It’s common knowledge in these parts that Birmingham has more miles of canals than Venice - and we’re all very proud of it. But far fewer people know that Birmingham also has three rivers flowing through it.

It’s easy to see why, neither of these rivers is large enough or deep enough to be navigable by a boat - most are hidden away below street level, only visible in parks and nature reserves. But just because they’re not the biggest or most visible, doesn’t mean they’re not important.

The Rea played a crucial role in the founding of our city - way back in the seventh century. And one of our other lesser known rivers helped inspire one of the nation’s most prized authors to bring his masterpiece to life.


Stepping stones closest to Stratford Road on the River Cole
Stepping stones closest to Stratford Road on the River Cole.

The River Cole flows for 25 miles through Birmingham via the Kingfisher Country Park near Stechford and then onto Shire Country Park in Moseley. After that it flows past Sarehole Mill towards Hall Green and by Stratford Road via the Blackberry Way and Burbury Brickworks Nature Reserve in Sparkhill.

The River Cole may not be as well-known as many of the other rivers in the region, but it played a significant role in the life of J.R.R Tolkien whose fantasy book The Lord of the Rings was described by The Times as the ‘book of the century’. The Coldbath Brook, a tributary of the Cole drives the mill at Sarehole Mill - used as inspiration for the Shire in his famous novels.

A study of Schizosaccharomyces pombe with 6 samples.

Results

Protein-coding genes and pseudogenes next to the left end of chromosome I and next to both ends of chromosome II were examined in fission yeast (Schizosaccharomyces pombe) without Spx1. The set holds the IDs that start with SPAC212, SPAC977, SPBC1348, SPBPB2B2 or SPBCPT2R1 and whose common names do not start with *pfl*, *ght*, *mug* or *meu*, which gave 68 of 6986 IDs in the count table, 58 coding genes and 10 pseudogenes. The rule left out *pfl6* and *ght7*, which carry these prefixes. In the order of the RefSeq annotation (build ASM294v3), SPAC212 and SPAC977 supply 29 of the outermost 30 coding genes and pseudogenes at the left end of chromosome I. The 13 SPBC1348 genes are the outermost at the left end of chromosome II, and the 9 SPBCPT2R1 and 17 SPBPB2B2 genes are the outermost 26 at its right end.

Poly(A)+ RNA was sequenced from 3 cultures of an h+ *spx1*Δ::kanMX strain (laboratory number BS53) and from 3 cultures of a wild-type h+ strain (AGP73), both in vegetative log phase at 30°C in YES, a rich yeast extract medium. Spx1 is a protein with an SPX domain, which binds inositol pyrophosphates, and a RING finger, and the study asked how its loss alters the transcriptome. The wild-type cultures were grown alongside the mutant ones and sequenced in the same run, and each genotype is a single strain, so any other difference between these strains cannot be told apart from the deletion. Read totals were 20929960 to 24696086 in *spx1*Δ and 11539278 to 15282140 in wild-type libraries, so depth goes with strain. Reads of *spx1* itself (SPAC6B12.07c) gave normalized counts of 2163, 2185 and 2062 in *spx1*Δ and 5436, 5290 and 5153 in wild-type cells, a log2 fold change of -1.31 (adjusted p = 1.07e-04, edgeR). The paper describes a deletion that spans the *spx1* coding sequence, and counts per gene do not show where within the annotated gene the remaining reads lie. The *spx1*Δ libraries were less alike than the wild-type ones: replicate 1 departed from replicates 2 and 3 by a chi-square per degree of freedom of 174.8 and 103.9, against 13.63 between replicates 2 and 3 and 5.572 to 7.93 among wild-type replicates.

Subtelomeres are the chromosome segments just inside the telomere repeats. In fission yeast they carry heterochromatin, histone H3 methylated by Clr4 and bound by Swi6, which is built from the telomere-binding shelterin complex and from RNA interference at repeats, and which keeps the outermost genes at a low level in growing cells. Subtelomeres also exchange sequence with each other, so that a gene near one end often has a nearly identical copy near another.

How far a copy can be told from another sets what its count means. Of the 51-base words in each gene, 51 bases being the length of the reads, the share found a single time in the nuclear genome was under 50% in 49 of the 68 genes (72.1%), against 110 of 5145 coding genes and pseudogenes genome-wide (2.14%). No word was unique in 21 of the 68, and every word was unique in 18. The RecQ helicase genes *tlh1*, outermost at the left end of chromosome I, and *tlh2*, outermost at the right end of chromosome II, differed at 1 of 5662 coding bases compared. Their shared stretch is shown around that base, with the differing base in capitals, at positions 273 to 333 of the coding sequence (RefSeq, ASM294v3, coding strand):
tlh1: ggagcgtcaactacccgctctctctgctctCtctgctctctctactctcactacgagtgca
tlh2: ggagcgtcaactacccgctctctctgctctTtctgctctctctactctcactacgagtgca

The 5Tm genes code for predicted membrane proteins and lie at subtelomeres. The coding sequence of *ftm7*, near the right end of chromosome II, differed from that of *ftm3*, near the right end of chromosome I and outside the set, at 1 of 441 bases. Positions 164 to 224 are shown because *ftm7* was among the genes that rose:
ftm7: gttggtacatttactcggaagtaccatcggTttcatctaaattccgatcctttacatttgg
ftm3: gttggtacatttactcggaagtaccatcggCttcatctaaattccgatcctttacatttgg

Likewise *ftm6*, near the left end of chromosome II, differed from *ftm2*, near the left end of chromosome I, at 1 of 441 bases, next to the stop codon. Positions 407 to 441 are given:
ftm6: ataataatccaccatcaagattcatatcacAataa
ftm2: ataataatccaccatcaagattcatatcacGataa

Sarehole Mill is powered by a tributaryof the River Cole.
Sarehole Mill is powered by a tributary of the River Cole.

Sarehole Mill itself sits on Cole Bank Road - named after the river. In the late 1890s Sarehole was the childhood haunt of J.R.R. Tolkien and his brother, a place Tolkein said were the ‘happiest’ years of his youth.

The Mill and the surrounding area influenced the Middle Earth he created in his books. When illustrated in his original books, he always drew the mill in Hobbiton with a little tower, just like Sarehole Mill.

The John Morris Jones Walkway in the Shire Country Park next to the River Cole. (Credit: Elliott Brown)
The John Morris Jones Walkway in the Shire Country Park next to the River Cole. (Credit: Elliott Brown)

Earlier this year, works were carried out as part of the River Cole project to create new green public spaces along the banks of the river. Led by the University of Birmingham with key partners, the development project will transform 55 hectares of unused space.

Keiran McKenzie, Assistant Director of Healthy Communities at The Active Wellbeing Society said of the project: "We felt it was important to get the residents who live around the River Cole area involved in this project because it is their local area.

“We asked people about their perceptions of the River Cole area, whether they use it at all, and if not, what the barriers are. What was clear from our initial engagement with local schools, GPs, residents, and community groups is that people were concerned with the safety of the environment and keen to address littering, fly tipping and anti-social behaviour.

“With the support of community partnerships, local organisations and residents, we have proactively removed barriers in a collaborative way, and in doing so, rebuilt people’s confidence to access this area again. It is our hope to see the community continue to cherish and use the River Cole as their space."